December 8, 2005 – Mark Bocko and Zeljko Ignjatovic, professors of electrical and computer engineering at the University of Rochester, have developed a new chip that captures higher-resolution images with less power... a lot less power. Their new technology also has the potential to allow digital cameras to run on a single battery for years.
The chip is designed to digitize an image right at each pixel. In the works, however, is technology that will be able compress an image with far fewer computations being made by the processor. When these two abilities are finally brought together, the result will greatly reduce the amount of power used to capture a single digital image while improving image quality.
Currently many imaging sensors work by transmitting to an analog-to-digital converter off-chip. Those few chips that do have pixel site conversion require high precision transistors that take up pixel space and eat power. This new technology by Bocko and Ignjatovic still uses a CMOS sensor with an analog-to-digital converter at each pixel location. However, because this chip also uses both fewer and smaller-sized transistors per pixel, more of the pixel area is dedicated to light collection resulting in an overall better image. The transistors themselves while smaller have actually increased sensor performance resulting in denser, higher resolution chips that work on little power.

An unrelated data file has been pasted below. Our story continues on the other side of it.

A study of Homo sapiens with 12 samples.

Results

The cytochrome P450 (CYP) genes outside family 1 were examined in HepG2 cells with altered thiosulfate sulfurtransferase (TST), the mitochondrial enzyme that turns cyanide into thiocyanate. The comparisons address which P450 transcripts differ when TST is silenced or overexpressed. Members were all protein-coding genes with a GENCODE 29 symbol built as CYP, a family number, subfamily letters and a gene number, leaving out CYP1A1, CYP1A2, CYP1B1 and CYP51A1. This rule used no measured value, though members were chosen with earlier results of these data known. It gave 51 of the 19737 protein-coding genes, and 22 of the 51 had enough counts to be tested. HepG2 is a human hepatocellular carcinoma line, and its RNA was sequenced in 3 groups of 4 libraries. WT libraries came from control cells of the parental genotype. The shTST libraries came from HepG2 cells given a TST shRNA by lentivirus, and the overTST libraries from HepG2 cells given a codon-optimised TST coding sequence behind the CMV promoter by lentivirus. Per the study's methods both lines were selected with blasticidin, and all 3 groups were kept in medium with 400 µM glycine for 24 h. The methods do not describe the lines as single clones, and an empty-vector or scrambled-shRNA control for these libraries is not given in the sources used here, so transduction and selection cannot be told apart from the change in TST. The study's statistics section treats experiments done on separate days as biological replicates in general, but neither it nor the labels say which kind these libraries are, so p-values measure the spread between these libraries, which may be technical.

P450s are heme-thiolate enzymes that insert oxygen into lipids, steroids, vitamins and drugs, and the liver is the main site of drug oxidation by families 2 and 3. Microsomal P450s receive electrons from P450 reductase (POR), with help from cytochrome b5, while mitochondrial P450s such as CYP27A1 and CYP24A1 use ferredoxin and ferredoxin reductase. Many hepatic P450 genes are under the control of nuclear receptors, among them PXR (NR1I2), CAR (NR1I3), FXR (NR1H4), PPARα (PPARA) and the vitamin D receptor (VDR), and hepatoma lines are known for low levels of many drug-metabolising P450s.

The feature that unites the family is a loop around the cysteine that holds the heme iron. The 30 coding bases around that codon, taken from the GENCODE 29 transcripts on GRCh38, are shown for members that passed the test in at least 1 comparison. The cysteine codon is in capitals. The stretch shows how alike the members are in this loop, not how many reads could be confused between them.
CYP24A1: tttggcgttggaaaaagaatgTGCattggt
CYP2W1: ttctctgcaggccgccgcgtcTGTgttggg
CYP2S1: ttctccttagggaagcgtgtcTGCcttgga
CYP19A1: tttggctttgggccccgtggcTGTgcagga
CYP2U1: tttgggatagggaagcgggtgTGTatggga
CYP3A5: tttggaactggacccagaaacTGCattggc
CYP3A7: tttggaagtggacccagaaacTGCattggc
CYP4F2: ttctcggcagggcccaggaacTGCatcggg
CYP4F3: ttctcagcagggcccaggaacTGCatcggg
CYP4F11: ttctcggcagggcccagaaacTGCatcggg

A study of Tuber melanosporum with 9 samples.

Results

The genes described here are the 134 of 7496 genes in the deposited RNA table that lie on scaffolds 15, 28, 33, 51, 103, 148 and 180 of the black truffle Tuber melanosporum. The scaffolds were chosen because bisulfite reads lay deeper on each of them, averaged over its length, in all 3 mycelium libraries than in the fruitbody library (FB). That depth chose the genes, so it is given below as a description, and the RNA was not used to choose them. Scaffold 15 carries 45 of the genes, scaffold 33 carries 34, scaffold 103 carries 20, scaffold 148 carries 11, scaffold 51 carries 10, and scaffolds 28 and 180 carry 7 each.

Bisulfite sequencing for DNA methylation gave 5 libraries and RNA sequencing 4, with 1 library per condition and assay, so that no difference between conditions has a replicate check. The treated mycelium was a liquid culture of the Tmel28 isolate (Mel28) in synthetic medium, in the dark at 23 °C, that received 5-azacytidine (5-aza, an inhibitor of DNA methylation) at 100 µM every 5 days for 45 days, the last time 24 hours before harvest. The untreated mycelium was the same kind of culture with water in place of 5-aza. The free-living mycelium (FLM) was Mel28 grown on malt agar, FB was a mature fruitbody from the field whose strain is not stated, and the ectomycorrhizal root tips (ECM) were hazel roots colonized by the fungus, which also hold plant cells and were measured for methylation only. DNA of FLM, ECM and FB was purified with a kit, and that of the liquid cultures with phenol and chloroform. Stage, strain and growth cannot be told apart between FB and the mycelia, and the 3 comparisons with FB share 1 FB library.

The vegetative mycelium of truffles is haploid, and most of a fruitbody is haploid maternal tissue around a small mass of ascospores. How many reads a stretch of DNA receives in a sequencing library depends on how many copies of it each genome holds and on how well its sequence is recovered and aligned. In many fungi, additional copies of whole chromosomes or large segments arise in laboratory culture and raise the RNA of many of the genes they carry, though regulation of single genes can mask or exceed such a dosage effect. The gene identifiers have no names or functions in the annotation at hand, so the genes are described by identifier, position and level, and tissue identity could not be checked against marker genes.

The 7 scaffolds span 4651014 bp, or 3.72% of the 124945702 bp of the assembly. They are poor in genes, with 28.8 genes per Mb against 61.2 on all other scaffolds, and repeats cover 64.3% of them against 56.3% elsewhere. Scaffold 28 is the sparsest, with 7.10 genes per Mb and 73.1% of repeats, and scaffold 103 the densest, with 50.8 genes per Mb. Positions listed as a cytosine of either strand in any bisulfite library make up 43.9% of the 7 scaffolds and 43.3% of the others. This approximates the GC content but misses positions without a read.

The scientists intend to further enhance this chip by incorporating their "Focal Plane Image Compression" system into it. This invention, which has stunned contemporaries, involves an innovative nonlinear arrangement of photodiodes on an imaging chip that enables processors to do significantly less math computation. By dividing the amount of computation required for image compression by 5, as Bocko and Ignjatovic have, the otherwise power-eating compression processor needs significantly less power.
While the current prototype chip is impressive, it is the combination of this chip with the Focal Plane Image Compression that could potentially revolutionize imaging chips to come.